Now Open: As we reported last month, chef Monica Dimas has taken over the kitchen at Capitol Hill bar Nacho Borracho (209 Broadway E, 466-2434). Her restaurant-within-a-bar, Neon Taco, serves Mexican street food like carnitas and lengua tacos (all on handmade tortillas) until 1:30 a.m. every night of the week.
Adding to the abundance of Mexican food on Capitol Hill is Sur 16 (340 15th Ave E, Ste 201, 388-2244), located in the former home of the Bagel Deli. Offerings include tacos, tortas, and ceviches, but I'm most intrigued by Sur 16's ostiones, baked oysters on the half shell topped with huitlacoche, a corn fungus delicacy that most Mexican restaurant owners shy away from putting on their menus.
The restaurant inside Belltown's new Palladian Hotel, Shaker + Spear (2000 Second Ave, 448-1111), serves a seafood-focused menu with local and regional ingredients. At the adjacent bar, Pennyroyal, you'll find aged spirits, punches, and snacks. Chef Walter Pisano, who runs downtown's Tulio restaurant, created both menus.
Cantina Leña (2105 Fifth Ave, 519-5723)—the Tom Douglas restaurant that opened in early December, then promptly shut down because of a failed ventilation system—has reopened. The restaurant's original kitchen eschewed stoves and burners in favor of a more traditional fire pit, but residents of the Martin apartment building (where the restaurant is located) were less than happy about the black smoke that was accumulating in their homes. Leña's meats are now cooked on the wood-fired grill and smoker at the Palace Kitchen, another Douglas restaurant, conveniently located across the street.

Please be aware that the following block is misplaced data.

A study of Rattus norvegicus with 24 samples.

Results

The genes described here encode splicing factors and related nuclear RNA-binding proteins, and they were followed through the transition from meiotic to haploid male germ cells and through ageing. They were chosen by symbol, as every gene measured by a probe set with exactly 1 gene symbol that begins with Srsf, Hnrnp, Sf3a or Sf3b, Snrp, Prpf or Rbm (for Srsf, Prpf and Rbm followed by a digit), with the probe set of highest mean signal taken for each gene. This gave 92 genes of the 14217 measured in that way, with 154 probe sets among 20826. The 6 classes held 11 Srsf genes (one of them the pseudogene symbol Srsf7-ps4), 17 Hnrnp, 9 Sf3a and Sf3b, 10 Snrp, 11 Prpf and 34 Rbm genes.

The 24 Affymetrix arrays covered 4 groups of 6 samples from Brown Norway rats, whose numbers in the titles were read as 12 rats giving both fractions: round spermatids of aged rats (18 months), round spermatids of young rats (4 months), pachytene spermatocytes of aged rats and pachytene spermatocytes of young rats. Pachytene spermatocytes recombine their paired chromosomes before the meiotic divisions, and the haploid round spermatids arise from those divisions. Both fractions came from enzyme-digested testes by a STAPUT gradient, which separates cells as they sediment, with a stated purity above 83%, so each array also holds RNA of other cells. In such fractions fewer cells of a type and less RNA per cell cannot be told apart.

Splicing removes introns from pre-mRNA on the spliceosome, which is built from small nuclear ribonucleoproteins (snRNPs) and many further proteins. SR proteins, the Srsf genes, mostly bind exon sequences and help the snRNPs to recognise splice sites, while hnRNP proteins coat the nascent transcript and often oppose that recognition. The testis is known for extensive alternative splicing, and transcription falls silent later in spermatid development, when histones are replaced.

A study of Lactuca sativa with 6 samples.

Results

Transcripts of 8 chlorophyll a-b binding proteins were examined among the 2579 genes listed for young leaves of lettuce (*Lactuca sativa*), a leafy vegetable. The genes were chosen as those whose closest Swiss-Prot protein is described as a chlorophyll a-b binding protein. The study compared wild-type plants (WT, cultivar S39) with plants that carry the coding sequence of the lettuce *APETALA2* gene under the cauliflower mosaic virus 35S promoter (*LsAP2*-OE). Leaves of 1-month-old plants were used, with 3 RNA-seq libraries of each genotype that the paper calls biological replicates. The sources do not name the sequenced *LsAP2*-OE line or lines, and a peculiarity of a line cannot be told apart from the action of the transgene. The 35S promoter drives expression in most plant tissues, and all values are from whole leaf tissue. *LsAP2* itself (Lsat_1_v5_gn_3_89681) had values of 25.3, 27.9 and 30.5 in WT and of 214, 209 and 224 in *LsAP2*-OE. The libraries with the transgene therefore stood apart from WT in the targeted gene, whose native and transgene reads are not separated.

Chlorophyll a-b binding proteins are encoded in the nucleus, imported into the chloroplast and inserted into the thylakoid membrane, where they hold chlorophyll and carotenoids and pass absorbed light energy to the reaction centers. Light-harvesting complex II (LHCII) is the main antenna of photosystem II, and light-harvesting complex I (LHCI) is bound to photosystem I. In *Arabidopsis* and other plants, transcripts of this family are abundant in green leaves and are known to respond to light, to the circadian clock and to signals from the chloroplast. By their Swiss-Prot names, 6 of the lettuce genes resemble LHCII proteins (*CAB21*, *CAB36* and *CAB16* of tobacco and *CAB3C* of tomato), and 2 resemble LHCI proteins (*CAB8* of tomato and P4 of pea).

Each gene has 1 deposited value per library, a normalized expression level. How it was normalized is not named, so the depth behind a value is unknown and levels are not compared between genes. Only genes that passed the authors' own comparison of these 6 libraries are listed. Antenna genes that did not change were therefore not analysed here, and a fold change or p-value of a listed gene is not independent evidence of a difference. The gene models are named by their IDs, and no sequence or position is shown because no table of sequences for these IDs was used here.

Seattle's craft brewing scene continues to grow: Counterbalance Brewing Company (503B S Michigan St, 453-3615)—started by Jeff Howell and Frank Lawrence, two former home brewers who met while working at local coffee company Caffe Ladro—is pouring beers in their Georgetown taproom that were made just a few feet away in their 10-barrel brewery. Look for a few obscure, taproom-only brews to rotate through as well.
Seattle now has its own gluten-free brewery: Ghostfish Brewing Company (2942 First Ave S, 397-3898) in Sodo. Ghostfish is going against thousands of years of tradition and using gluten-free grains such as millet or buckwheat because, in their own words, "we are acutely aware of how the craft brewing revolution has left gluten-intolerant drinkers behind. We believe fate has brought us together to help rectify that!"
Local Food-Safety Attorney Featured in the New Yorker
The February 2 issue of the New Yorker includes a great profile of Seattle attorney Bill Marler, "the most prominent and powerful food-safety attorney in the country." According to a USDA study, salmonella contaminates 24 percent of all cut-up chicken parts in the US. In Marler's words: "Ground beef has learned its lesson—but chicken is still, in many respects, unregulated. So we have to keep fighting."